Notice: First Circuit Local Rule 36.2(b)6 States Unpublished Opinions May Be Cited Only in Related Cases.ruben Santana-diaz, Plaintiff, Appellant, v. United States of America, Defendant, Appellee, 86 F.3d 1146 (1st Cir. 1996)



Ruben Santana-Diaz on brief pro se.

Guillermo Gil, Acting United States Attorney, John C. Keeney, Acting Assistant Attorney General, Theresa M.B. Van Vliet, Chief, and Lena Watkins, Attorney, Criminal Division, Narcotic and Dangerous Drug Section, U.S. Department of Justice, on brief for appellee.

D. Puerto Rico


Before SELYA, CYR and LYNCH, Circuit Judges.


Ruben Santana Diaz appeals from the district court's dismissal of his petition under 28 U.S.C. § 2255. We affirm for the reasons given briefly below.

1. Santana did not raise his claim that the trial court's failure to order identification or production of a confidential informant prejudiced his ability to assert an entrapment defense in his direct appeal. See United States v. Panet-Collazo, 960 F.2d 256, 259 (1st Cir.), cert. denied, 506 U.S. 876 (1992). Failure to raise a constitutional claim on direct appeal ordinarily bars raising the issue on collateral attack unless the petitioner can show cause for the failure and actual prejudice from the alleged trial court error. See Knight v. United States, 37 F.3d 769, 774 (1st Cir. 1994).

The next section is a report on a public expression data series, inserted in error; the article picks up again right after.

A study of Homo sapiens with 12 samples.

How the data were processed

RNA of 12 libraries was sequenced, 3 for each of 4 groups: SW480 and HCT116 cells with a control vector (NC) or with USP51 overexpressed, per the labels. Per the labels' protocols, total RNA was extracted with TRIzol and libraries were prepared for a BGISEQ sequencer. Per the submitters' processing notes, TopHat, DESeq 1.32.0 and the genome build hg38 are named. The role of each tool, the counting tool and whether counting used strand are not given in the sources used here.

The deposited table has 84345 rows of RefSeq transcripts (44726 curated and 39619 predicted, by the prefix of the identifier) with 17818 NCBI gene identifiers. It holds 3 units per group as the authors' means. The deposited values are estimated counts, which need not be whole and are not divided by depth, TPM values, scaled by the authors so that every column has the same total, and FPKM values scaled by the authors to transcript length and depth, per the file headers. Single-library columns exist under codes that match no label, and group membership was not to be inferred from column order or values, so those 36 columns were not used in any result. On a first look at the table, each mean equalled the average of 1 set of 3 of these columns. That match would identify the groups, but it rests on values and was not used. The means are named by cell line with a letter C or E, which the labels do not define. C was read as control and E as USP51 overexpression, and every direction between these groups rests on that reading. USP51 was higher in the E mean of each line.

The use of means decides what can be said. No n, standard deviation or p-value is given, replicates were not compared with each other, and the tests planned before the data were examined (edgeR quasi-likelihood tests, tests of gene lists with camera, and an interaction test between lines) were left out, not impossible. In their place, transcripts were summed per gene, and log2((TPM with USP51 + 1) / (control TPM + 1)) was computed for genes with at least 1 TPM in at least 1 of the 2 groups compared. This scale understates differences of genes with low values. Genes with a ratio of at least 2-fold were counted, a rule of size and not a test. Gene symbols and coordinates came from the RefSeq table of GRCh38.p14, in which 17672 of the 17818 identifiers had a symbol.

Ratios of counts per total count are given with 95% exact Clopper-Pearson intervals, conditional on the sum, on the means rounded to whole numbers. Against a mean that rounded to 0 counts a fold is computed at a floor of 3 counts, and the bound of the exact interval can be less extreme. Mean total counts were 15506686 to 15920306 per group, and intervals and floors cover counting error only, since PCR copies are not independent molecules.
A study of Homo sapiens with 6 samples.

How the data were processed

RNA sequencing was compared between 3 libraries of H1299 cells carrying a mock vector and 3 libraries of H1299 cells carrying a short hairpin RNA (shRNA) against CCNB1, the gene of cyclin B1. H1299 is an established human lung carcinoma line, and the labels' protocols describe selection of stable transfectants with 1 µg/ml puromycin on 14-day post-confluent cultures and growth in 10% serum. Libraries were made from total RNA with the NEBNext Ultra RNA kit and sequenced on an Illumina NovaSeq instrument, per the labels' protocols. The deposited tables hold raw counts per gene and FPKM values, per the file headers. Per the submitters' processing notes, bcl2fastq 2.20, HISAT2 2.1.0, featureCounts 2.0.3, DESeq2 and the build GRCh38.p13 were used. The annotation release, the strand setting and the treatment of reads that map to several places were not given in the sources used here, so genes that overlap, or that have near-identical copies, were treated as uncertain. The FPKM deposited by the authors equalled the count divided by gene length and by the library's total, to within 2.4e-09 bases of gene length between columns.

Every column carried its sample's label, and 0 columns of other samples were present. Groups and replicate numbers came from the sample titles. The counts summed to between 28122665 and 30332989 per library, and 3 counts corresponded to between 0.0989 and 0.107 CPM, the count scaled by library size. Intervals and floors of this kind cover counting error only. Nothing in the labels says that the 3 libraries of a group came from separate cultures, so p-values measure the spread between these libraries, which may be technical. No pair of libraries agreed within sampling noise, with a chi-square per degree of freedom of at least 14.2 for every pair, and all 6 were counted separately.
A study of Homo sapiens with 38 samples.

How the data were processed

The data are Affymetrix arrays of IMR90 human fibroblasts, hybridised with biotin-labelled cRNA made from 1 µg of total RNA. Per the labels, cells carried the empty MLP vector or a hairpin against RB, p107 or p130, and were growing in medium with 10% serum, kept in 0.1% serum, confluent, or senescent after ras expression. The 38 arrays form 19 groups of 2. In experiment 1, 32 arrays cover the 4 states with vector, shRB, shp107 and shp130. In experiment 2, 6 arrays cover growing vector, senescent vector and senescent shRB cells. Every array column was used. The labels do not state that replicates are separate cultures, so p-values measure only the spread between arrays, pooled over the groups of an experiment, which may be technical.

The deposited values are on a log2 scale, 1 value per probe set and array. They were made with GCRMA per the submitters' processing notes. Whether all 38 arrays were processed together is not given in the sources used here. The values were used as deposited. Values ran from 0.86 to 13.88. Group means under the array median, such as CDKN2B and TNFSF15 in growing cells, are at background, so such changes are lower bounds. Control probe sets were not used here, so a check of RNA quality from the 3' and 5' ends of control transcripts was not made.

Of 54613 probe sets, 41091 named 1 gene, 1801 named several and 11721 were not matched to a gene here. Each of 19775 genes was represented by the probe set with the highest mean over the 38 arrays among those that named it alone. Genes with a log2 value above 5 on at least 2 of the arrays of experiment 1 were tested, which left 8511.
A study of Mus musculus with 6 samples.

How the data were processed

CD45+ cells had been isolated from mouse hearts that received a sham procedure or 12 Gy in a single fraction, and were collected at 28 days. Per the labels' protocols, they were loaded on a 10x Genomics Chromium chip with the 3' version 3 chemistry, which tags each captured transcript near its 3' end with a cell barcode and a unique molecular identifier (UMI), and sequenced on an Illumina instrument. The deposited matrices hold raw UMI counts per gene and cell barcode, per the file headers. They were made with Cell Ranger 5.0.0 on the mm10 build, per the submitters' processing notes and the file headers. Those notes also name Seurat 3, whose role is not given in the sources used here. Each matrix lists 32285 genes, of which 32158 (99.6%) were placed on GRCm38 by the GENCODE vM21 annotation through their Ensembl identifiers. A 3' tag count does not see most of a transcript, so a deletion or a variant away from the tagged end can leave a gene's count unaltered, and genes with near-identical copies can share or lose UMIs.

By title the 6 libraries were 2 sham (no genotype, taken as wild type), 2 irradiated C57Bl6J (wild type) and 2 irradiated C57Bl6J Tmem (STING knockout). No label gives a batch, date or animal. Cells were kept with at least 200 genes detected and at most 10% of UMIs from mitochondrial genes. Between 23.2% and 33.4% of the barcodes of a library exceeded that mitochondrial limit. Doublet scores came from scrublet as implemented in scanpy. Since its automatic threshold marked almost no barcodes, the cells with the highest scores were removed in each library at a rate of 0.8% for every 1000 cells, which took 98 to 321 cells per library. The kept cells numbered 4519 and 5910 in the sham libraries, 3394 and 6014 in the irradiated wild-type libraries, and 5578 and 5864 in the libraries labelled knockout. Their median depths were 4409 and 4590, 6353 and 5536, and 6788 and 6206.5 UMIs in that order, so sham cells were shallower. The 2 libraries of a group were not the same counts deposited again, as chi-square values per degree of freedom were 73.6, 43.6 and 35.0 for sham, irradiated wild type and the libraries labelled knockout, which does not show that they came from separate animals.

As cause, Santana asserts his appellate counsel's ineffective assistance of counsel. However, as the district court correctly concluded in resolving that issue, the failure to obtain the confidential informant's testimony at trial did not prejudice Santana's ability to assert an entrapment defense. Even assuming that the informant would have testified as Santana suggests, at most his testimony would have established only one element of the entrapment defense--that the government induced Santana to participate in the drug deal in question. To assert an entrapment defense, however, Santana also had to establish at trial that he was not predisposed to commit his crime. See United States v. Panet-Collazo, 960 F.2d 256, 259 (1st Cir.), cert. denied, 506 U.S. 876 (1992). As we held on direct appeal, he never did so. Id. at 259-60.

2. Santana bears the burden of showing that the court vindictively sentenced him for exercising his right to a jury trial, as he claims. United States v. Mena-Robles, 4 F.3d 1026, 1037 (1st Cir. 1993), cert. denied, 114 S. Ct. 1550 (1994). He has not pointed to any statement by the district court or any other evidence suggesting that there is a "reasonable likelihood" that he received a harsher sentence than he otherwise would have because he went to trial so as to trigger a presumption of vindictiveness. See id. The mere fact that co-defendants, who pled guilty, received lesser sentences does not show that it is reasonably likely that Santana was vindictively sentenced. Id. Hence, the claim of vindictive sentencing fails. Id.